In this activity, students get a taste of classification without having to work through the complexities of the Linnaean system. Students create their own informal classification systems, using visual or other characteristics, to group native plant leaves found in their local environment. The activity fosters observation skills (gathering and interpreting data) and provides practice in using and critiquing evidence.
By the end of this activity, students should be able to:
- use their senses to observe plant leaves
- devise and revise their own classification system
- comment on how they used evidence to devise their own classification system
- comment on how they were able to critique evidence to revise their own classification system
- experience why species may be reclassified as new information comes to light.
Download the Word file (see link below) for:
- background information for teachers
- student instructions.
Nature of science
This activity is a simple way to investigate both the systematic grouping of leaves and the tentative nature of scientific classification. All students, from early primary to secondary, benefit from practising observation skills.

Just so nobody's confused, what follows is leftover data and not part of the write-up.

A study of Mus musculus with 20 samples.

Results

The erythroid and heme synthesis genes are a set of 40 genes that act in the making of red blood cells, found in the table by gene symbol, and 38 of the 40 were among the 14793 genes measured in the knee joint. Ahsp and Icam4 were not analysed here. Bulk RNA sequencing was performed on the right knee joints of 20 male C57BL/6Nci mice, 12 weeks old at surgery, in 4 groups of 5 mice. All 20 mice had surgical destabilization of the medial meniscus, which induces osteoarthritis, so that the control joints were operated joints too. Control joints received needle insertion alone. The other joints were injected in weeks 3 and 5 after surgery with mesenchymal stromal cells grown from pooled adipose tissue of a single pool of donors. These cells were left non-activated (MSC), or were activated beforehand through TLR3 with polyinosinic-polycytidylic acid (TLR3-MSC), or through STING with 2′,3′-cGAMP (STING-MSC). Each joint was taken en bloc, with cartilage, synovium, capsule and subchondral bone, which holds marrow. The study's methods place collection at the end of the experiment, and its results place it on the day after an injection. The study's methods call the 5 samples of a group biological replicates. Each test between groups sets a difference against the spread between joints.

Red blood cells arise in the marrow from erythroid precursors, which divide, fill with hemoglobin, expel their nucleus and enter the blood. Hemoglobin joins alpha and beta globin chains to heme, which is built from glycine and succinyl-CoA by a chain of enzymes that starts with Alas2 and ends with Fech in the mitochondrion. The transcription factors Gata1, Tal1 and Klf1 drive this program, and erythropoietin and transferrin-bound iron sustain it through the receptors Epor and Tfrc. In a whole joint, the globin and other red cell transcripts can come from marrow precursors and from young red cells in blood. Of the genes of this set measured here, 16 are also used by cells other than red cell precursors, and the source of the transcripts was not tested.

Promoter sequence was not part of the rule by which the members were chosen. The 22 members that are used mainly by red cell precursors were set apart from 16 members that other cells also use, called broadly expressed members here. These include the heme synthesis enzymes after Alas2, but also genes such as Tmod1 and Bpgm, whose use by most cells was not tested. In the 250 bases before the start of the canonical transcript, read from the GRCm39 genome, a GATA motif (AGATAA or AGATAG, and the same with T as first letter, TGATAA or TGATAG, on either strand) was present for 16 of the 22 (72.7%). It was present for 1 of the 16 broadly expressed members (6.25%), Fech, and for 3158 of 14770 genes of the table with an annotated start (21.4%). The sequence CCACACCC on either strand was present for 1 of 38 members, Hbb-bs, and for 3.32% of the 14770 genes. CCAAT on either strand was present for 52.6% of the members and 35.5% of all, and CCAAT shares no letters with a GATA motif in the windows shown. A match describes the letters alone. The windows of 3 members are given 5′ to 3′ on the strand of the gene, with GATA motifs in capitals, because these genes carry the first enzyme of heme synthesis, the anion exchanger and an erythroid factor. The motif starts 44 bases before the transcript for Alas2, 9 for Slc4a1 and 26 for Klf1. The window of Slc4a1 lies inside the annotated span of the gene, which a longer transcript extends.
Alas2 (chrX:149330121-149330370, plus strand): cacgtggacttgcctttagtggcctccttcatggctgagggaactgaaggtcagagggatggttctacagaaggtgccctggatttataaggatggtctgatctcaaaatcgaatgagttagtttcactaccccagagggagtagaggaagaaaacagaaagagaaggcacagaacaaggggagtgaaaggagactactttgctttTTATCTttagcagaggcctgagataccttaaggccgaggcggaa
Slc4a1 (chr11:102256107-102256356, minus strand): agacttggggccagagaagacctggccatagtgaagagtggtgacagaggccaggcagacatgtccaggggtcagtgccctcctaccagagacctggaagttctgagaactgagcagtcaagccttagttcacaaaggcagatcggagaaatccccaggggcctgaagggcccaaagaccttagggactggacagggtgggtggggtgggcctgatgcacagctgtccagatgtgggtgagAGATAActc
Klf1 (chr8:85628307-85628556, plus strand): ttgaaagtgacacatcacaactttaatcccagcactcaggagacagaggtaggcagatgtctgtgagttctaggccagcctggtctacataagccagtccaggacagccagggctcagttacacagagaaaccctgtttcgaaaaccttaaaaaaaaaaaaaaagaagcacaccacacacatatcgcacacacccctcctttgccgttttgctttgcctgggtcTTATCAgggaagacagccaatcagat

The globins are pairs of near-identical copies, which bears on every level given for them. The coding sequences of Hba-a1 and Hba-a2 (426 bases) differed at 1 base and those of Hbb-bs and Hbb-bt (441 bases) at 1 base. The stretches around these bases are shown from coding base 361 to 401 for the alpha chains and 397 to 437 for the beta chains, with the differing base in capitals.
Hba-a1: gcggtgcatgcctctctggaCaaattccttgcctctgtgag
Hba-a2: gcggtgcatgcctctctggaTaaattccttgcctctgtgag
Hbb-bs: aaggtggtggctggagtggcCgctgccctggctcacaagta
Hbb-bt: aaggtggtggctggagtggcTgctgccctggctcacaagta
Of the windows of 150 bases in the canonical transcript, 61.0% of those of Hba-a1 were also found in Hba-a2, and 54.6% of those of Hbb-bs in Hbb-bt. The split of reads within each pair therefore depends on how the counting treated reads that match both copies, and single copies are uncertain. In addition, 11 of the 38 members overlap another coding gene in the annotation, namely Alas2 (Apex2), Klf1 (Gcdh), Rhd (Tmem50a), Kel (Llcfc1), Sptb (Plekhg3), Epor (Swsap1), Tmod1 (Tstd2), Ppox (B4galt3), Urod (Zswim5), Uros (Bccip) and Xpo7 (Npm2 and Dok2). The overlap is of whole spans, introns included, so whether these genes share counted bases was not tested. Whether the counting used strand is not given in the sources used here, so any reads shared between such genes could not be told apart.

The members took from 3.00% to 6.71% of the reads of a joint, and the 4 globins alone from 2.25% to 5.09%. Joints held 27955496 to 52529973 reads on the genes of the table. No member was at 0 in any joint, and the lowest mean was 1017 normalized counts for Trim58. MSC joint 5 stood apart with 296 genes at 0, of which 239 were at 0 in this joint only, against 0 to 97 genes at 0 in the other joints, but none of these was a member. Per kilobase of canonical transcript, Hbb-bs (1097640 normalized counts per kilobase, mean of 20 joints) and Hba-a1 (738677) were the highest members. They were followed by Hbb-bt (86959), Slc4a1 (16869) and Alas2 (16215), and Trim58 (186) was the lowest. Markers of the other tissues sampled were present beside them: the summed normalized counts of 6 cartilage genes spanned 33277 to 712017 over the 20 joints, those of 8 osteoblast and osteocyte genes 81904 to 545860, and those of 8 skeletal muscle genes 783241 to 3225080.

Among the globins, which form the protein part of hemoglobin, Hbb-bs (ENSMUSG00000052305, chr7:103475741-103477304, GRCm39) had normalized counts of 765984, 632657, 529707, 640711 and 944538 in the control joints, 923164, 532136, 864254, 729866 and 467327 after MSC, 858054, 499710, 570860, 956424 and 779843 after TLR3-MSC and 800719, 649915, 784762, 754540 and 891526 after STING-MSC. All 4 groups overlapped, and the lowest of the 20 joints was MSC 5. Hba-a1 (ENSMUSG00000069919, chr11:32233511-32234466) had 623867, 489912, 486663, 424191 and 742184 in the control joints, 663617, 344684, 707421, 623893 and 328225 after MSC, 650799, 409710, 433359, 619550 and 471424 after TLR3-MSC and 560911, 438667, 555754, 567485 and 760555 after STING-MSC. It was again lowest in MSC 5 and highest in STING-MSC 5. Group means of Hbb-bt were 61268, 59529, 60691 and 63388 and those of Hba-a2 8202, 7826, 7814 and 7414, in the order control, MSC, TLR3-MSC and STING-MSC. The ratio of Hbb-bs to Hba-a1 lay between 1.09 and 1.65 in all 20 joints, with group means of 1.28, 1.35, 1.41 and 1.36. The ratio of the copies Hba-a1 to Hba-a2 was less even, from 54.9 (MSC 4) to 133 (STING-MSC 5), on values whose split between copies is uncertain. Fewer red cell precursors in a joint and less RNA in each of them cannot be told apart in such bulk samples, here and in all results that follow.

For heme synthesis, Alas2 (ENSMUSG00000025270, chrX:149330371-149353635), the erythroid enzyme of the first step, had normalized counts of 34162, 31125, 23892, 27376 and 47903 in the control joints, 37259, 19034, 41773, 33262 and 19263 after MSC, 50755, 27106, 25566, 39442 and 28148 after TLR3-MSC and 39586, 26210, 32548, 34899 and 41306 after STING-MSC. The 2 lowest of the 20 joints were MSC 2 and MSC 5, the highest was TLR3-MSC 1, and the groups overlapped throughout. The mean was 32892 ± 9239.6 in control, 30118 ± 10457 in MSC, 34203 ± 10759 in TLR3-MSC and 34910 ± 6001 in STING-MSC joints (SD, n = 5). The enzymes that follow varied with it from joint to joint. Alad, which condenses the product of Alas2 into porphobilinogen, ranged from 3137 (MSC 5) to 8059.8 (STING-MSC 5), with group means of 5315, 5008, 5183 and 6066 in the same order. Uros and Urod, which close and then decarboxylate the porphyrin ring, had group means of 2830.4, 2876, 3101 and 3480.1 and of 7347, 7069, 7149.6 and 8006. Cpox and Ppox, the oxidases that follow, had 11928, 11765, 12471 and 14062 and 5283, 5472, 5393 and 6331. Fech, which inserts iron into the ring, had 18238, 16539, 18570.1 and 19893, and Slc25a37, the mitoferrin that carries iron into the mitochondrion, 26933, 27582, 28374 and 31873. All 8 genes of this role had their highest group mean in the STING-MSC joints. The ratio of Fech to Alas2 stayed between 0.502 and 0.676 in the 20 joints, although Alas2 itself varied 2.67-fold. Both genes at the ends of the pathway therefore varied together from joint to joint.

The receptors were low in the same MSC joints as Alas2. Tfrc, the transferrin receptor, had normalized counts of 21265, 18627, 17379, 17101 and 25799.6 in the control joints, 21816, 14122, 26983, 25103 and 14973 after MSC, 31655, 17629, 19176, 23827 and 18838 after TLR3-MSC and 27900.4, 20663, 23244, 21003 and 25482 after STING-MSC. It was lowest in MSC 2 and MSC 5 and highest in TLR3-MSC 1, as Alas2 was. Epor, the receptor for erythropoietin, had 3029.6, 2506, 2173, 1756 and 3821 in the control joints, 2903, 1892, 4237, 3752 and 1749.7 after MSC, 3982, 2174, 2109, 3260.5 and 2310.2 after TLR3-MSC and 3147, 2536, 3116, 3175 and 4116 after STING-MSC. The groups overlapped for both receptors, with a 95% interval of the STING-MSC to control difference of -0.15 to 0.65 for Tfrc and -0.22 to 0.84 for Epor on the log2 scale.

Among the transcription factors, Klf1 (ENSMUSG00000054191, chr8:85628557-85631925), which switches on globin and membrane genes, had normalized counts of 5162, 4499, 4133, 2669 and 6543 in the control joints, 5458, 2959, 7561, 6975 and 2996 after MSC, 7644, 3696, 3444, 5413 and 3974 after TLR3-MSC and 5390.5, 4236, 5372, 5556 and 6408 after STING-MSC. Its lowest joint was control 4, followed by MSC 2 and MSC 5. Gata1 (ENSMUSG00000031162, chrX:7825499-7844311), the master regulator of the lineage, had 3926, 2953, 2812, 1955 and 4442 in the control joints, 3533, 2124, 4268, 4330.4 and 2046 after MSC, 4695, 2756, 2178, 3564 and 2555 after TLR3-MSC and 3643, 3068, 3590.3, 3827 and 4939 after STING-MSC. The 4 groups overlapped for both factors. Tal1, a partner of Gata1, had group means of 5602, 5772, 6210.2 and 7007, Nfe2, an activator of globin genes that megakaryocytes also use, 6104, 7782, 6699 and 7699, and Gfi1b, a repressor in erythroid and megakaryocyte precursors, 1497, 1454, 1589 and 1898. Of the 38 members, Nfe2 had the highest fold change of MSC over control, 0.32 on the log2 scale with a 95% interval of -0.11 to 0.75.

DIY fern classification uses fern specimens or image cards to group fern species according to their physical structures – rhizomes, fronds and sporangia.
Looking at plants and leaves is a ready-to-use cross-curricular teaching resource for NZC levels 1–2. It includes opportunities for literacy, numeracy and art – as well as science.
Explore the rākau/tree unit of learning created by Mokoro Gillett (Tumuaki o Te Wharekura o Te Rau Aroha) and Norman Mason (Manaaki Whenua)
Learn more about native New Zealand trees and plants with:
- the Department of Conservation’s Experiencing native trees in your green space teaching resource
- Manaaki Whenua – Landcare Research’s Key to native plants of schools and marae in New Zealand
- University of Otago’s Flora Finder app
- New Zealand Plant Conservation Network (NZPCN)
- Animated video from California Academy of Sciences of the inside of a leaf, travel from centimetre scale, through to millimetre to micrometre and ending in nanometre scale.